H-II Transfer Vehicle
||Unmanned spacecraft intended to resupply the Kibō Japanese Experiment Module on the International Space Station and, if necessary, the rest of the station.
||10 m (including thrusters)
|Total Launch Payload:
|Mass at launch:
||Solo flight about 100 hours, stand-by more than a week, docked with the ISS about 30 days
The H-II Transfer Vehicle (HTV), also called Kounotori (こうのとり Kōnotori, "Oriental Stork" or "White Stork"), is an unmanned resupply spacecraft used to resupply the Kibō Japanese Experiment Module (JEM) and the International Space Station (ISS). The Japan Aerospace Exploration Agency (JAXA) has been working on the design since the early 1990s. The first mission, HTV-1, was originally intended to be launched in 2001. It launched at 17:01 UTC on 10 September 2009 on an H-IIB launch vehicle. The name Kounotori was chosen for the HTV by JAXA because "a white stork carries an image of conveying an important thing (a baby, happiness, and other joyful things), therefore, it precisely expresses the HTV's mission to transport essential materials to the ISS". 
Inside view of the Pressurised Logistics Carrier section of HTV-1.
Canadarm2 removing unpressurised payload from HTV-2.
The HTV is about 10 m long (including maneuvering thrusters at one end) and 4.4 m in diameter. Total mass is 10.5 tonnes, with a 6,000 kilograms (13,000 lb) payload. The HTV are comparable in function to the Russian Progress, European ATV, commercial Dragon, and commercial Cygnus spacecraft, all of which bring or are planned to bring supplies to the ISS. Like the ATV, the HTV carries more than twice the payload of the Progress, but is launched less than half as often. Unlike Progress capsules and ATVs, which dock automatically, HTVs and American commercial crafts approach the ISS in stages, and are signaled by ISS crew or ground control to continue from one holding point to the next. Once they reach their closest parking orbit to the ISS, crew grip them using the robotic arm Canadarm2 and berth them to an open berthing port on the Harmony module.
The HTV has an external payload bay which is accessed by robotic arm after it has been berthed to the ISS. New payloads can be moved directly from the HTV to Kibō's exposed facility. Internally, it has eight International Standard Payload Racks (ISPRs) in total which can be unloaded by the crew in a shirt-sleeve environment. After the retirement of NASA's Space Shuttle in 2011, HTVs are the only vehicles that can carry ISPRs to the ISS.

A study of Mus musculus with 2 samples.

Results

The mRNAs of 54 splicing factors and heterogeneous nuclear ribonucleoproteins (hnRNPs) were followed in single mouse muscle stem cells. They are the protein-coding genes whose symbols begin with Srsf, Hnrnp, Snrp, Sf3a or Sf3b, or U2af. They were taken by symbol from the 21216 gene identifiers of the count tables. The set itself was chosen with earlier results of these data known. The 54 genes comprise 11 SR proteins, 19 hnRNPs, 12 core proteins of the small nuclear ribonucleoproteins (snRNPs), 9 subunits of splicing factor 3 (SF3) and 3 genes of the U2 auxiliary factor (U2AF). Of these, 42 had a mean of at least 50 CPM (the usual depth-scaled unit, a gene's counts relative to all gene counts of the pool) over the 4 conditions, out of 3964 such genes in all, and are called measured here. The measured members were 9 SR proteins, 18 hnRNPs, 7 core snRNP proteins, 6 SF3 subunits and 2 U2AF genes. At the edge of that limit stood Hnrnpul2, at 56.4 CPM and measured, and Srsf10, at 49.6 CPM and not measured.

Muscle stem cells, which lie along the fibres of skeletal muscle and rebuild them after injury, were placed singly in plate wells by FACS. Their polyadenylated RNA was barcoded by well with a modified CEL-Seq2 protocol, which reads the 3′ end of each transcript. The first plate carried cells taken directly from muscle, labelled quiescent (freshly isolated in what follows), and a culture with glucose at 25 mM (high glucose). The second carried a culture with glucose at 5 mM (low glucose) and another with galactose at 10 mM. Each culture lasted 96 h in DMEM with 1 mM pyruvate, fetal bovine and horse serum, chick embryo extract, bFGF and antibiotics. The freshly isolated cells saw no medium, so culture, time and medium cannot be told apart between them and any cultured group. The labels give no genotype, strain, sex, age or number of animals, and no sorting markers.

The four main thrusters. Smaller attitude control thrusters can be seen at the right side of this view of HTV-1.
The baseline configuration, known as the "Mixed Logistics Carrier", uses one pressurized and one unpressurized segment and can carry 7,600 kg of cargo in total and is 9.2 m long. When two pressurized units are used together the cargo decreases slightly to about 7,000 kg, and the overall length is reduced to 7.4 m.
To control the HTV's attitude and to perform the orbital maneuvers such as rendezvous and re-entry, the craft has four 500 N class main thrusters and twenty-eight 110 N class attitude control thrusters. Both use bipropellant, namely monomethylhydrazine (MMH) as fuel and mixed oxides of nitrogen (MON3) as oxidizer. HTV-1, -2, and -4 use Aerojet's 110 N R-1E, Space Shuttle's vernier engine, and the 500 N based on the Apollo spacecraft's R-4D. Later HTVs use 500 N class HBT-5 thrusters and 120 N class HBT-1 thrusters made by Japanese manufacturer IHI Aerospace Co., Ltd. The HTV carries about 2400 kg of propellant in four tanks.
After the unloading process is completed, the HTV will be loaded with waste and undocked. The vehicle will then deorbit and be destroyed during reentry, the debris falling into the Pacific Ocean.
As of 2010 It is expected to be launched by 2018.
, JAXA is planning to add a return capsule option. HTV's Pressurized Cargo is replaced by a reentry module capable of returning 1.6 tonne cargo from ISS to Earth.
Further, it is expected to be followed on by 2022 by capsules which accommodate a crew of three and carry up to 880 pounds (400 kilograms) of cargo.
HTV-2 departing Tanegashima spaceport bound for the International space station
The first vehicle was launched on an H-IIB rocket, a more powerful version of the earlier H-IIA, at 17:01 GMT on 10 September 2009, from Launch Pad 2 of the Yoshinobu Launch Complex at the Tanegashima Space Center. Six subsequent missions are planned.